Tax Sale Process

The annual tax sale process begins in the first week of February when the City mails a Final Bill and Legal Notice to the property owner of record at the address on file in the City’s real property database. The notice lists all of the delinquent City taxes and charges due through the last day of February. If the amounts that are due remain unpaid, then additional penalty or interest charges may continue to accrue for each unpaid item.  

Tax Sale Timetable

  • March: The complete list of properties still eligible for tax sale is published twice in two newspapers of general circulation during the month of March.  
  • Early April: The City mails a second tax sale notice to the same property address during the first week of April. The amounts included in the second notice are due and valid until the last day of April, the last day to pay all of the outstanding taxes and charges owed the City to avoid tax sale.
  • Mid-May: The annual tax sale is normally held during the third week in May.
  • Late May: Redemption can begin. Redemption involves the owner, or an interested party such as a mortgage holder, reimbursing the bidder an amount of interest and other fees and costs. If a property is not redeemed by July 1, then the new fiscal year’s real property taxes also must be paid to redeem the property.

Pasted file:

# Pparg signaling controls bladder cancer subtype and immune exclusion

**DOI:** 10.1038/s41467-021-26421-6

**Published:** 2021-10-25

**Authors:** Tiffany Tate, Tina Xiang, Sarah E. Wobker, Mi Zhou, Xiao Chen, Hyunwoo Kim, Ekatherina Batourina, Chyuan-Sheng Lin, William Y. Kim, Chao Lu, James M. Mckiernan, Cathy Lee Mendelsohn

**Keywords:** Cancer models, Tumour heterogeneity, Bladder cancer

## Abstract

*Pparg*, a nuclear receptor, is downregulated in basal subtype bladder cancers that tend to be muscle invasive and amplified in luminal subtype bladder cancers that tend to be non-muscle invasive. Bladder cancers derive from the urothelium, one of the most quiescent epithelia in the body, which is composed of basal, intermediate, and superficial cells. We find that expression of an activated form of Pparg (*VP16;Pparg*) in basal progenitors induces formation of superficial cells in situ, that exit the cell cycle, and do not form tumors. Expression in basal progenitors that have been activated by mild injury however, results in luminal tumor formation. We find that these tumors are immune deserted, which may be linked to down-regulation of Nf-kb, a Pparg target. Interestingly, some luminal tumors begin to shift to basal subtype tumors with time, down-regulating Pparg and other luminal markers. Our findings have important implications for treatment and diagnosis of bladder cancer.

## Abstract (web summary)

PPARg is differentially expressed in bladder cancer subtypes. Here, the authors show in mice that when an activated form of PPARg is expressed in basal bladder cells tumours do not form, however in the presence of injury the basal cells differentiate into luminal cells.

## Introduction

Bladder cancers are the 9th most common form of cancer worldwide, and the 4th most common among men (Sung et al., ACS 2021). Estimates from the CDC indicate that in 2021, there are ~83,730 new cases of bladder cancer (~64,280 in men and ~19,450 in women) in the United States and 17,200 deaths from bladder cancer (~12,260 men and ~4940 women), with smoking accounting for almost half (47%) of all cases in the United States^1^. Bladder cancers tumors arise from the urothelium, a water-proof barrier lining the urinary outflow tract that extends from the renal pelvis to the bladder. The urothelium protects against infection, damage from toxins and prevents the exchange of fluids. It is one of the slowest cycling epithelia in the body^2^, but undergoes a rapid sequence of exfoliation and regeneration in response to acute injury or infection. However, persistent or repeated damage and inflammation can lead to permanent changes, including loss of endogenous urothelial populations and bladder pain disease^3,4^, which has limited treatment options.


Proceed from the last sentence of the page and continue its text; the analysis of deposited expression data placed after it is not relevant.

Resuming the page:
Redemption Process

Once a successful bidder has paid to the City all of the taxes and charges listed in the tax sale for a property, the property owner may only redeem their property by reimbursing the bidder. The sooner a property is redeemed, the lower the additional charges imposed by the bidder will be.  

  • Four months after the tax sale, other fees and costs may be added to the redemption amount.  
  • Six months after the sale, the successful bidder may file a lawsuit to foreclose the right of redemption on non-owner occupied residential properties.  
  • More fees and costs may be added seven months after the tax sale on owner occupied properties. 

The successful bidder may file a lawsuit to foreclose the right of redemption nine months after the tax sale on owner occupied properties. Fees and most costs are defined by State law and are owed to bidder, not to the City. The City has no power to waive or to reduce the fees and costs set by State law. 

It is important to note that the earlier a property is redeemed, the smaller the amount to redeem will be. Delay causes the costs to increase significantly.